Grass Valley needs leadership that embraces both old and new
February 10, 2014
It’s not surprising that Patti Ingram chose to write favorably about Dorsey Drive, and, in the process, attack Terry Lamphier (who successfully unseated her husband, John Spencer, for district supervisor).
Furthermore, it’s quite interesting that she and perhaps all the others she felt Lamphier “accused” of misappropriating funds have failed to understand what’s really important to most of us who live in Grass Valley. And that happens to be addressing an aging infrastructure — namely our streets, sewers and water pipes.
In what Ingram described as Lamphier’s “personal puff piece,” not once did he accuse anyone of misappropriating taxpayers’ money. In his article, Lamphier said, “I learned that the city … diverted a $5 million-plus bond originally issued to fix Grass Valley’s streets, water and sewer problems to fund Dorsey.” It turns out that a large portion was originally slated for infrastructure improvements. This is an undisputed fact. The actual bond measure reads: “Targeted areas include East Main Street, the general area around the East Main/Idaho Maryland Road intersection, South Auburn and Colfax Ave.” The bond money is now partially financing the Dorsey interchange. Though not illegal or misappropriated, it does clearly illustrate how new development is (and has been) favored over renovating and modernizing the infrastructure in our neighborhoods. These are streets on which we live and drive every day, unlike the Dorsey interchange.
Ingram mentions that the new interchange will help people who now have to “cut through” residential areas. Those people must certainly notice the rundown condition of roads, especially in older neighborhoods. We are not talking about just filling in a few potholes (as some have suggested in the past) but about restoring and resurfacing entire streets. The sewer and water pipes are equally in need of servicing and upgrading. Based on their actions (or inaction), this does not seem to be a concern of Grass Valley’s elected officials. However, the city staff understands the situation. As one engineer pointed out to us in a meeting, it’s the squeaky wheel that gets the grease. There’s no plan or money to make significant improvements in the rest of our town.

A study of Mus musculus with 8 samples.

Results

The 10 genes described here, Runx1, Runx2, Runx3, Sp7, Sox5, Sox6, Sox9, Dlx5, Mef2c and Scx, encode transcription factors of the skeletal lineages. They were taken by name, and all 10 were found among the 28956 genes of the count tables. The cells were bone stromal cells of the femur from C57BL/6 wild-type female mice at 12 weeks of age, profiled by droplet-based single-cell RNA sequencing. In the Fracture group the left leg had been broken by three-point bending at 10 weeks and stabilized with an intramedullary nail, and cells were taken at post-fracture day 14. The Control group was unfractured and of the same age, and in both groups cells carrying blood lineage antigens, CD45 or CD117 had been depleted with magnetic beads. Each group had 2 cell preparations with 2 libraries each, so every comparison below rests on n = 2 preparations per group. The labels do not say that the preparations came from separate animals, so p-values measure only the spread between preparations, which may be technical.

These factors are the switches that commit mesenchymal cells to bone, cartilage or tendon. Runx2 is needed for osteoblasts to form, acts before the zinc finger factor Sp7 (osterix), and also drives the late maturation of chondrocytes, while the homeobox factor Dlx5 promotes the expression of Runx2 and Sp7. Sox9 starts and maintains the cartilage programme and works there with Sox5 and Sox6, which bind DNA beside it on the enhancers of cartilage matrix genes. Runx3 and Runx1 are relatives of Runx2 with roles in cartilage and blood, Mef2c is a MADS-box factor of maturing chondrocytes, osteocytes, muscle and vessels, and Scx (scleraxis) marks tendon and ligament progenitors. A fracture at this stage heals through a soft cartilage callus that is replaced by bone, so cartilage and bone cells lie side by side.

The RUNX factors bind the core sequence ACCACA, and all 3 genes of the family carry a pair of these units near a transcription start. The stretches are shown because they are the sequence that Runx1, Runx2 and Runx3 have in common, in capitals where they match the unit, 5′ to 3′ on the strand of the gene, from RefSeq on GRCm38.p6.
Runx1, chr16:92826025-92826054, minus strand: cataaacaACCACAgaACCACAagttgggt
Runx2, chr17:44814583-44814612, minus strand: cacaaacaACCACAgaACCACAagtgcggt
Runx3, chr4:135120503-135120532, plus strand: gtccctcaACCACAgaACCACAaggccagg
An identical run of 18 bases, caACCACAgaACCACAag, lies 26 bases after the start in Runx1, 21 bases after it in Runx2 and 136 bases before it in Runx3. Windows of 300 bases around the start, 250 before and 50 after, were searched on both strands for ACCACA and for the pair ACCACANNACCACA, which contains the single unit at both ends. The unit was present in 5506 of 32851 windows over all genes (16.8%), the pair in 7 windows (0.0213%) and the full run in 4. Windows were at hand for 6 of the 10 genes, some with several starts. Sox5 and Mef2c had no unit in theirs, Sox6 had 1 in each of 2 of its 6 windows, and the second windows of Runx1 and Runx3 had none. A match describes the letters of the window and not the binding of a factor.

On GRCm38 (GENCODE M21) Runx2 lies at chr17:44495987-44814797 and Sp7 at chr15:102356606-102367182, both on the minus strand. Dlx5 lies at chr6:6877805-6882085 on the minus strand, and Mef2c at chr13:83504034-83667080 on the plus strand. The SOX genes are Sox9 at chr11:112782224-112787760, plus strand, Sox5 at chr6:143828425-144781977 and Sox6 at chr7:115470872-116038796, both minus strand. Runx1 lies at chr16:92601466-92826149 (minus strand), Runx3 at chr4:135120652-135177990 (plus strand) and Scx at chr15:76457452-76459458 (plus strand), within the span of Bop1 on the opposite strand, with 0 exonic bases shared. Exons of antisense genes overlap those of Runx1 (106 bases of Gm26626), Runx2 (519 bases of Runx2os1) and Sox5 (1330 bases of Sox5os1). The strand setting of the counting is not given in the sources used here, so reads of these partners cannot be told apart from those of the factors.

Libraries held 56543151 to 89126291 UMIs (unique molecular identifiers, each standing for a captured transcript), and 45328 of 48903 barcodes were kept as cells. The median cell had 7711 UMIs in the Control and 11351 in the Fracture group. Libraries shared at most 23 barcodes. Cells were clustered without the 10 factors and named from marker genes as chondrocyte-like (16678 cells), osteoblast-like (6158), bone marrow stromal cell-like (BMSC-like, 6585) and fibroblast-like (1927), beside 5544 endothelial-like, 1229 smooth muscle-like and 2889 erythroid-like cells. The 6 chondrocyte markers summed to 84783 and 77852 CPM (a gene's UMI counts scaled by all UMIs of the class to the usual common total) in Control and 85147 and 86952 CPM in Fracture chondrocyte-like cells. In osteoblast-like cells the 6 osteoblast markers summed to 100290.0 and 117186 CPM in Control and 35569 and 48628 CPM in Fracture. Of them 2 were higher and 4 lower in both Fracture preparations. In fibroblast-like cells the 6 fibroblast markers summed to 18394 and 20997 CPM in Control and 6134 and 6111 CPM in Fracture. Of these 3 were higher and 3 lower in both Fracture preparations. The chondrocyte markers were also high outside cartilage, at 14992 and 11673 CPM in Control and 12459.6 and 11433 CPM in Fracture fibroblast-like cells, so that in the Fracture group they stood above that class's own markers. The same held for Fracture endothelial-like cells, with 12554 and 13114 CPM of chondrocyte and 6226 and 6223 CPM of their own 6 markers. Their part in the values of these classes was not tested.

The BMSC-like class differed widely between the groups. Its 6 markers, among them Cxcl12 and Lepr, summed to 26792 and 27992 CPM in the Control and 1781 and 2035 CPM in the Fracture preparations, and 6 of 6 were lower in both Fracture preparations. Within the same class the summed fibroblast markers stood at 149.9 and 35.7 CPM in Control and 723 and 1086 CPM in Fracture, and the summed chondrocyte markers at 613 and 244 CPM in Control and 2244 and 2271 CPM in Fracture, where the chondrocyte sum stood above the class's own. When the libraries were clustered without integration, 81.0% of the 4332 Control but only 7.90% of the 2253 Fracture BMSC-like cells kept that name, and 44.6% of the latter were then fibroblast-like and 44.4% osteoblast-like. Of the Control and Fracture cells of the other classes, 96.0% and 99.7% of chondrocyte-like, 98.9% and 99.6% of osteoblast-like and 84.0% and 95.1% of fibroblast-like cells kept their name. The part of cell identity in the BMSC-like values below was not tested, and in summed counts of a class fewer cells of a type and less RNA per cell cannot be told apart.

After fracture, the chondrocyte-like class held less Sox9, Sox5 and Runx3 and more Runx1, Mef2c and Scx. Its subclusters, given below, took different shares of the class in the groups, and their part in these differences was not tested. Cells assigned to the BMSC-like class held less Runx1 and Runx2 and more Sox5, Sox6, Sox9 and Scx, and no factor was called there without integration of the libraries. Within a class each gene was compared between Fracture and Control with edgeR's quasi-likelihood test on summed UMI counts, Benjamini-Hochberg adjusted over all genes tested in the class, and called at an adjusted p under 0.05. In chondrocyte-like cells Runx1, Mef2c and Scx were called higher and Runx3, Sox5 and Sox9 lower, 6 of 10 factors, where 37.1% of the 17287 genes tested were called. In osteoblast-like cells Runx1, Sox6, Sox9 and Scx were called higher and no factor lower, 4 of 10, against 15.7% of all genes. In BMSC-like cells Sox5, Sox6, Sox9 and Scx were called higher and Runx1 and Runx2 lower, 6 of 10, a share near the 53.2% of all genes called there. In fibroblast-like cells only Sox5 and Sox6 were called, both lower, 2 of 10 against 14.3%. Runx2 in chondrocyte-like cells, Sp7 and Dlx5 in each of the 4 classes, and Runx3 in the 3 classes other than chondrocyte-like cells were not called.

In contrast, Nevada City employed a novel approach to address its neighborhood infrastructure issues. Like Grass Valley, many residential streets in Nevada City were in disrepair. The difference was that the elected officials provided leadership, made it a priority and addressed the situation head-on rather than ignore it and do nothing. They developed a plan that assessed every street in town and provided a detailed timeline for making improvements. The plan was used to gain support for Measure S, which called for raising the sales tax to specifically renovate city streets. Calling for a specific use of tax dollars, the measure had to garner at least two-thirds of the vote. Backers of the measure went door to door and communicated the plan. Residents were informed of improvements scheduled for their streets and when they would happen if the measure passed. This approach provided clear expectations, which resulted in the measure passing overwhelmingly, with 82 percent approval.
The Grass Valley City Council had the perfect opportunity to adopt and use the same approach. Instead, the council chose to further embrace new development and large scale projects (e.g., the interchange) and let our tax dollars fuel those efforts instead of redeveloping places where we live and really want our tax dollars to have an impact.
Ingram closes her piece by stating that Lamphier “misdiagnoses the most important economic development project in our county, the Dorsey Drive Interchange.”
While I would agree that Dorsey Drive is an important project and has its benefits, I would hardly agree with her assessment of it being the most important project in our county (Our entire county? Does that include Truckee, Nevada City, et. al.?). I would also ask her and her allies to consider what has been and continues to be neglected by our city’s elected officials in lieu of it.
It’s time to look for new leadership in Grass Valley. We need leaders who are willing to step up to the challenge of revitalizing our entire town. It’s time for the old guard to step aside and let somebody actually lead. It’s time that Grass Valley embraces an inclusive vision of the city that reinforces the old while building the new. Terry Lamphier is working hard at the county level. We need to augment his efforts with effective and truly representative leadership at the city level.
Larry Hoffman lives in Grass Valley.